The Italian oil giant has started making final preparations for its $7.8 billion Goliat development in the Norwegian Arctic.
Goliat is set to become the world's northern-most offshore oil field, and will eventually pump 100,000 barrels of oil per day from reservoirs believed to hold around 175 million barrels of oil and eight billion cubic metres of gas.
Eni told The Guardian last week that the project's 64,000 tonne floating platform is in place and its production wells have been drilled, so the field is ready for production, although the company is still waiting for final approval from Norway's Petroleum Safety Authority.
The PSA said last week there was still some work left to do before Goliat can be allowed to proceed.
Starting up production at Goliat represents an important milestone for the oil patch, which is pushing into ever harsher conditions, and trying to overcome a raft of technical issues.
Completion at Goliat is more than two years behind schedule and reportedly around $1.5 billion over budget.
The Goliat platform was constructed in Korea, and was transported to the Barents Sea, 80km north off Norway earlier this year.
Eni says the Barents Sea is "the manageable Arctic" since it remains largely ice-free compared to other regions of the Arctic.
Eni's giant floating oil platform has been made to operate in hostile Arctic conditions and has been built to withstand once-in-100-year Barents Sea storm conditions and ice.
The project is understood to require an oil price of around $US95 per barrel to break even, meaning at the moment it is an expensive white elephant.
Eni (65%) and Statoil (35%) started exploring in the Barents Sea, north of Russia and Norway, in 1997 and made the discovery in 2000.
Goliat has two separate main reservoirs - the Kobbe and Realgrunnen - and contains oil with an overlying gas cap.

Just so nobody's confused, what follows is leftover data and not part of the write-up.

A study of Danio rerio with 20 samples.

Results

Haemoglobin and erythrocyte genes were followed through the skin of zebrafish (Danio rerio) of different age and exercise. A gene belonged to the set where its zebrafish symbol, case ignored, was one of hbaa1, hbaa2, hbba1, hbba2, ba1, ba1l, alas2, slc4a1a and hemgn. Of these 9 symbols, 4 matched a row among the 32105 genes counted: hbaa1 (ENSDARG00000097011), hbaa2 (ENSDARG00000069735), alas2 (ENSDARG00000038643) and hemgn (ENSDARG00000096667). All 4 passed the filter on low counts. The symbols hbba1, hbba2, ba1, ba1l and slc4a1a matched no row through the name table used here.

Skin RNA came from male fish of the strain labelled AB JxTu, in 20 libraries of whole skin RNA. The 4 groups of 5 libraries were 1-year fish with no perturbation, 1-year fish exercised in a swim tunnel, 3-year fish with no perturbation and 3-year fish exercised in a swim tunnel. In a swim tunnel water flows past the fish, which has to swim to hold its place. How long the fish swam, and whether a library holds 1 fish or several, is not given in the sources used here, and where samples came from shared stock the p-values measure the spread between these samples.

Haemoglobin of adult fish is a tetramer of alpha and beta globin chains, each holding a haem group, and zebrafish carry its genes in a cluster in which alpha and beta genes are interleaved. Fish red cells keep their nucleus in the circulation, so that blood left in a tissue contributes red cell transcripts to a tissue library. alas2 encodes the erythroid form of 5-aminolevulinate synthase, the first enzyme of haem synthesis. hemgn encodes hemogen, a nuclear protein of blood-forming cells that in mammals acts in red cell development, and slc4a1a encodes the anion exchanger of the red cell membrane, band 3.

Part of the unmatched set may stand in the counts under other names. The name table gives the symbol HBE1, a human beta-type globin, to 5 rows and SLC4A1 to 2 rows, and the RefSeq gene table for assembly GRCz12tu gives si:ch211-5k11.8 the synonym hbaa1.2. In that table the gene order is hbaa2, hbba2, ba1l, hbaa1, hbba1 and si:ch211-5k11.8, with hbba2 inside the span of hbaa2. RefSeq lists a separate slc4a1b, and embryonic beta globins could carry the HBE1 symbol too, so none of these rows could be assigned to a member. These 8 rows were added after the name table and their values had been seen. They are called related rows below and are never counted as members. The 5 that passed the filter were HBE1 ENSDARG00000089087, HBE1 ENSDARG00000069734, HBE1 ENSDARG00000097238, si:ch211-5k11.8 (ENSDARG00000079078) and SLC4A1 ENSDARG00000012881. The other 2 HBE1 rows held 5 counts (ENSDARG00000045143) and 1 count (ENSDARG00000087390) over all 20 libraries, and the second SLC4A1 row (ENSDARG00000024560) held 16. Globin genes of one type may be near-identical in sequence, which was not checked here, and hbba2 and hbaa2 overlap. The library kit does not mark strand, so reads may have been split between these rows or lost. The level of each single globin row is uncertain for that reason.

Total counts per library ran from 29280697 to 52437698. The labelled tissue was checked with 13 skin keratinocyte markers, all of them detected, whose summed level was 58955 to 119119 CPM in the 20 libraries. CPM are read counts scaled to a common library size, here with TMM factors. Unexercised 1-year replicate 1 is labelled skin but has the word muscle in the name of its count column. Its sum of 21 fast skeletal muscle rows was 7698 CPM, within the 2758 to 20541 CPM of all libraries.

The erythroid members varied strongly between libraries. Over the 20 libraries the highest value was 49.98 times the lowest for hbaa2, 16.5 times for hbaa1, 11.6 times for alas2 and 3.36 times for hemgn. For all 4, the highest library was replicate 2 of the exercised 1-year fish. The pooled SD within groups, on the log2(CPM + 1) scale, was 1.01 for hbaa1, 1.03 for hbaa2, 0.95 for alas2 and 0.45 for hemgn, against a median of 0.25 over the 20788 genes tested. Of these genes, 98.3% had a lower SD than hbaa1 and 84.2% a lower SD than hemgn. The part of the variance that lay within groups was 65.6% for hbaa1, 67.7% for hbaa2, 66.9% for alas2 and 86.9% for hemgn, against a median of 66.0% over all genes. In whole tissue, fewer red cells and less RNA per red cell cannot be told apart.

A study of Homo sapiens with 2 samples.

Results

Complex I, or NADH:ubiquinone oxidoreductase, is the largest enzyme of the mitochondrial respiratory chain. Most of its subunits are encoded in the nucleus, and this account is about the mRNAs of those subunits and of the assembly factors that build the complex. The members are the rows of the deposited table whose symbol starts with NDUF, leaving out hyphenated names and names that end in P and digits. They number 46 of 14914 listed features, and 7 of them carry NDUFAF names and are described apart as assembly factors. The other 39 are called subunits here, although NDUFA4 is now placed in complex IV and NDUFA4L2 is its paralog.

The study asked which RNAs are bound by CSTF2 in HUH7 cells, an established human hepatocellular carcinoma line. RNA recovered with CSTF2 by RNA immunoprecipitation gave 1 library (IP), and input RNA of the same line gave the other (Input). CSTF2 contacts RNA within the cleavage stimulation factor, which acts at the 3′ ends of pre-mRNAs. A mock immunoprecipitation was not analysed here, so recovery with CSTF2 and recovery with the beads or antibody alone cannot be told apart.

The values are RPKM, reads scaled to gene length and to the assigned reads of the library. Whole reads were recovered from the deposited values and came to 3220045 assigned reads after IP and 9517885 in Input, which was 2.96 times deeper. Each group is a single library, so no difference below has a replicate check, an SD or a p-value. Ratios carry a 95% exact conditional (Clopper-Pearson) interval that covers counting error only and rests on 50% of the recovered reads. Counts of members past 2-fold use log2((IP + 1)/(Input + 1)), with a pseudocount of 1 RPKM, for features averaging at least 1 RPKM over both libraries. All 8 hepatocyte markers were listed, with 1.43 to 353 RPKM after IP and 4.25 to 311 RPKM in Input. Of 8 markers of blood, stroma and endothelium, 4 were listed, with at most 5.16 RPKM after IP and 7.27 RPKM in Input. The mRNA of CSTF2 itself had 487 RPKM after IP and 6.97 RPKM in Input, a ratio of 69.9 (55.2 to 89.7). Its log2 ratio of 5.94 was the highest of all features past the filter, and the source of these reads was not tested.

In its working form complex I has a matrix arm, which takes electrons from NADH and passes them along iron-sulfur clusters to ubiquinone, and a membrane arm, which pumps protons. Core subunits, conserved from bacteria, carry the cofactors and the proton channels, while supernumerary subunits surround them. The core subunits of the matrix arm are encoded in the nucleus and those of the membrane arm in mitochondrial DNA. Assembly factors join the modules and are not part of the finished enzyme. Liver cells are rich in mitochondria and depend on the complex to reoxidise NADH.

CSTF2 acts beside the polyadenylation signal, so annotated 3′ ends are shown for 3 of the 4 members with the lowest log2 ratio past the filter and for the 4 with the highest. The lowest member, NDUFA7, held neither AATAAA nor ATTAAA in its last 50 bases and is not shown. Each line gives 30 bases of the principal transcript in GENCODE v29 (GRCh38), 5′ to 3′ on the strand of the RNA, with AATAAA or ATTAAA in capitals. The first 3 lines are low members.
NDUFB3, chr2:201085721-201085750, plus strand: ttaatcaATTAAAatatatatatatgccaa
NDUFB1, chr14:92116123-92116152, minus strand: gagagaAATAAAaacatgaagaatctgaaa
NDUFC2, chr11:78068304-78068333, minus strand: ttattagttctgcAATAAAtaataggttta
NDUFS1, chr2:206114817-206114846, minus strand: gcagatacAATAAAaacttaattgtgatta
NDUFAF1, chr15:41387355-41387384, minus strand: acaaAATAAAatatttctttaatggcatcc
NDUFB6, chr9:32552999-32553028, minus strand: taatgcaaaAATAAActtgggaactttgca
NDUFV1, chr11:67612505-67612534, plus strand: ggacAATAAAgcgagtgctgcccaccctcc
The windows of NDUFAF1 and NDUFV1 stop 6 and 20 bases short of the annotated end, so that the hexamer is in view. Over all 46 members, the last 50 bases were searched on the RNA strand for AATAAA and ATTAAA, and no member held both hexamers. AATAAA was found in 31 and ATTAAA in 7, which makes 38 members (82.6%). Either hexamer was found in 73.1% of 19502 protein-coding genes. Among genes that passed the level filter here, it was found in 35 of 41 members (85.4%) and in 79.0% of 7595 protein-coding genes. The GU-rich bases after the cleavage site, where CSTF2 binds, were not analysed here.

The Realgrunnen reservoir is situated 1000m below sea level and the Kobbe reservoir 1800m below sea level. There are also minor oil discoveries in the Snadd and Klappmyss formations.
The reservoirs are characterised by low pressures - 123bar from Realgrunnen and 192bar for Kobbe, presenting potential challenges for production flow.
Gas from the field will be injected into the Kobbe reservoir or transported to Melkoya.
It is expected that the maximum volume of gas production and reinjection will be 1.3Bcm and will occur a year after production commences.
The field is expected to be in production for up to 15 years, but field life may extend with new discoveries.
This facility will be partially supplied with power generated on land, which will reduce the need for local power generation.
The subsea development requires 22 wells from eight templates.
Pressure maintenance by means of water injection has been chosen in order to achieve effective reservoir drainage.
This will also provide an opportunity for the reinjection of produced water. Until a solution has been found for withdrawing the gas, the associated gas will be reinjected into the reservoir.
Statoil's last guidance was that the field was expected to start production before the end of September.